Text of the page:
Advocate Staff photo by SOPHIA GERMER

One game doesn’t predict what will happen for the next 33.

But, during the New Orleans Pelicans’ 112-103 loss to the Los Angeles Clippers on Sunday, there were signs, both uplifting and ominous, of what the Pelicans are facing without DeMarcus Cousins.

It was their first game played without the All-Star center this season, just two days after Cousins tore an Achilles tendon, sidelining him for upwards of 10 months.

Without Cousins in tow, the Pelicans got their first taste of how defenses would adjust to their new-fangled and less powerful offense. After a rousing 62-point first half, charged by a 57-percent success rate from the field, New Orleans’ scoring fell apart.

It started when the Clippers’ defense collapsed on Davis, not allowing the All-NBA forward to work with the space he received when sharing the floor alongside Cousins. Without any fear of sending a second defender at Davis, he was forced to pass out of most post touches and instead search for outside shooters.

While Davis still finished with 25 points and 16 rebounds, the Pelicans acknowledged Davis’ scoring role was diminished due to the increased attention received.

“They’re not going to allow him to go one-on-one because they know what kind of player he is,” Gentry said. “So when they run another player after him, he has to be willing to make the right play. And that’s what he is. He’s a good basketball player, who makes the right play. And if the shots go in, he probably would’ve had 12 assists.

“So, we can’t start trying to make him be this thing that he’s not. He’s not going to be a guy who is going to force shots and try to get up 25 or 30 shots. He’s just going to do what he always has.”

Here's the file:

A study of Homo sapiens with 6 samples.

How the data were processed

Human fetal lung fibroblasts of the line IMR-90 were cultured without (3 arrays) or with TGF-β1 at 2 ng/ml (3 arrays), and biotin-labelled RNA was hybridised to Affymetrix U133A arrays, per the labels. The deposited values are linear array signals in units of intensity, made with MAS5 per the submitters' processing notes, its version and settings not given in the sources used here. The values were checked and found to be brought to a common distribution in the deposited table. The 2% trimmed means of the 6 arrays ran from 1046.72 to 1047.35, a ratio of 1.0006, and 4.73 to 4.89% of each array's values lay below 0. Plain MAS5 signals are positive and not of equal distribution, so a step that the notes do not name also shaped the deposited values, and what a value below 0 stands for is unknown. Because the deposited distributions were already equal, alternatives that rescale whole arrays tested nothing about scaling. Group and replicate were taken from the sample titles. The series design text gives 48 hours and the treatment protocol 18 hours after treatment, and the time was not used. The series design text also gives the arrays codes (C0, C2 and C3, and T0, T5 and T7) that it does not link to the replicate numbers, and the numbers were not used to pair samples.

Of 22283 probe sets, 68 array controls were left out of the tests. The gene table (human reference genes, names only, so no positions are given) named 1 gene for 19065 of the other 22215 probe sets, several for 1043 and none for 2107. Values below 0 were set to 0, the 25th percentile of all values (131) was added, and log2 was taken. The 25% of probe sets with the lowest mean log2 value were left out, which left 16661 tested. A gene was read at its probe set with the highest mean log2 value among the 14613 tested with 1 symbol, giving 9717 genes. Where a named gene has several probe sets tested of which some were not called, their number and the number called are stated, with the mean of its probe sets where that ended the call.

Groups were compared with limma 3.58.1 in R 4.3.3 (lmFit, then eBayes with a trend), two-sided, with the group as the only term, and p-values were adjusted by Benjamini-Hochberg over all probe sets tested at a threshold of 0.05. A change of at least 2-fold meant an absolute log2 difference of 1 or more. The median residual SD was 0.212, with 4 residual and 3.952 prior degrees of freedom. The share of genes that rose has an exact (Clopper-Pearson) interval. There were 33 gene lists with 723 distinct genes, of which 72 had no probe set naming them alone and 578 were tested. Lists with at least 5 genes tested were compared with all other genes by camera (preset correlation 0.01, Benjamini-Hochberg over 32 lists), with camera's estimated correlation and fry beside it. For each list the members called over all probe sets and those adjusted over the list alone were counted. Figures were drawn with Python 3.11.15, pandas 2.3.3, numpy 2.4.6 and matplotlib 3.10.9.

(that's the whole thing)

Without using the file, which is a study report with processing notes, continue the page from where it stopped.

While Davis’ unselfishness allowed the Pelicans to receive a bevy of open looks from the perimeter, they were unsuccessful in converting them. New Orleans made just 2-of-19 3-pointers in the second half, including a string of 11 consecutive misses in the third quarter, allowing LA to swiftly erase a 21-point lead.

The drought raised concerns about whether the supporting cast around Davis and Jrue Holiday is able to make up for the 25.2 points per game Cousins leaves behind when he heads to the operating table.

The answer on Sunday was a resounding “no.” But, Davis, Holiday and Gentry all said the system worked well enough to generate open looks and on many nights those would’ve powered the offense to success.

“Most of them were open, wide open, shots,” Holiday said. “So, especially in this league where 3-pointers are so important, I think we would definitely have to do it again because the shots were there.”

The Pelicans will have an opportunity to at least even the averages and quiet some doubts on Tuesday night at 7 p.m. when they host the Sacramento Kings inside the Smoothie King Center.

And Davis expects to see a similar defensive look surrounding him, recognizing his team is learning to adjust on the fly.

“I think we’ll see and it’s just something we’ll have to figure out,” Davis said. “The (Clippers) were doing it in the first half too and we played just fine. It was just a matter of getting open looks and we missed. So, we just have to do a better job of finishing those.

“We are just trying to figure out how teams are coming at us off that pick-and-roll and try to double team us, what should we do. That’s really it.”

Regardless of the result, Gentry was insistent the Pelicans aren’t lacking for poise or self-assuredness in their first forays without Cousins.

“I don’t think that has anything to do with it,” Gentry said. “Our team is very similar to the team we had last year, where, when we were healthy, we played good basketball. The guys are confident that we will be okay.”